I use 3D printing quite a bit in my research lab and I decided to learn more about the properties of the 3D prints. In particular, I was curious about the anisotropy of the prints due to the direction of extrusion.
In FDM printing the adhesion of the print layers is of particular concern. Instead of depending on the bulk strength of the material, the strength of the print in the axis of extrusion depends on the strength of the bonds between layers.
At my lab I have access to an Instron materials characterization machine (similar to this one). It uses motors to move a clamp holding the specimen and uses a load cell to measure the resultant force.
The test shapes used resemble dogbones because the grips can deform the material in undesirable ways and cause failure at the grip rather than in the material. To counteract this, the material is wider at the grips to distribute the load more evenly and concentrate the stress in the center of the material.
|Test||Average Elastic Modulus (MPa)|
The elastic modulus of the PLA was pretty consistent across all the tests however, the ultimate tensile strength varied greatly. The Z-Axis tests both delaminated much earlier than the XY tests (50% on the Makerbot, 75% on the Sindoh). Furthermore, all the tests had breaks that occured on layer or material boundaries rather than in the bulk material.
Continuing my interest in creating more flexible materials, I thought I'd print some springs and see how they turned out. The end goal was to make a 2-axis stage that could be used for imaging or placing.
I ran into some problems with the raft/support adhearing too well to the coils that made the springs which ended up destroying the entire print. After some careful work to remove the raft and support materials I was able to get a working piece. However, in the future, I eschew the helical spring in favor of 2D flextures.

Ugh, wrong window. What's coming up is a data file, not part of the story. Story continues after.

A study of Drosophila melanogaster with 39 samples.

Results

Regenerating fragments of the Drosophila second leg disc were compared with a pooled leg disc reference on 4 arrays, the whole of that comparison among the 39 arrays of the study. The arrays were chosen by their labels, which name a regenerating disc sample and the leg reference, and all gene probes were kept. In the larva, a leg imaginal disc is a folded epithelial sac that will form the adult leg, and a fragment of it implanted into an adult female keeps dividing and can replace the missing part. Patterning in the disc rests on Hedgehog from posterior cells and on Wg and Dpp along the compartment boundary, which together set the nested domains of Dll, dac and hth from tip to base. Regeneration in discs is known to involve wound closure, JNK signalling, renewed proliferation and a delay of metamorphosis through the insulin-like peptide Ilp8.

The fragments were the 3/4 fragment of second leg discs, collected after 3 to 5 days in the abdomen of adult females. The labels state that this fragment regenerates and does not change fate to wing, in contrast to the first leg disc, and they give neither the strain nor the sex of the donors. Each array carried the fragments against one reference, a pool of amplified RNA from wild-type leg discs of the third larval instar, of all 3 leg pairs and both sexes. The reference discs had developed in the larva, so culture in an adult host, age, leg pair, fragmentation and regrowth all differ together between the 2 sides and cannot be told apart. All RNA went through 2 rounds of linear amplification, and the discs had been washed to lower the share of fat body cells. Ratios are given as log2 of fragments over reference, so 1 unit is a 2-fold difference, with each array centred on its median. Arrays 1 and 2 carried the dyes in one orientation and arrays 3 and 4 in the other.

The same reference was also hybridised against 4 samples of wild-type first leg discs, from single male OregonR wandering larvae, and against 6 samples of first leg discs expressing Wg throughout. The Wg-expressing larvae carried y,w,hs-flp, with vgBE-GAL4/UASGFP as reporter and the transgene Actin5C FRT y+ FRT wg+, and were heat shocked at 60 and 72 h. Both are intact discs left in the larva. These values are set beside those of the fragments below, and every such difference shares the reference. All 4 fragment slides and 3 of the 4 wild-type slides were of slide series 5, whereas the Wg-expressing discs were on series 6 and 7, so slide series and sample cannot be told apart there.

Once again, I encounted the anisotropy of 3D printing when printing the springs. The springs printed along the Z axis were generally stiffer than those in the XY. They also seemed to be somewhat stronger than the XY direction. I didn't have time to characterize this on the instron, but would like to in the future. However, since the stage needed to be consistent in all directions, the stage was printed in the XY direction.
I tried the Sense 3D scanner at the Harvard Lab but it suffered from quite a few crashes I never got the software to scan for longer than two minutes without a crash so my scan was limited to what was easy to manipulate.
I was pretty impressed with the results for such a complex geometry. However, I wasn't able to get any results with anything smaller than 10 cms square or larger than 50 cm square which limited its utility. If I had more time with less buggy software, I'd be inclined to get a full setup and try to modify a file for reprinting. For now, I much prefer using calipers and micrometers to reproduce objects.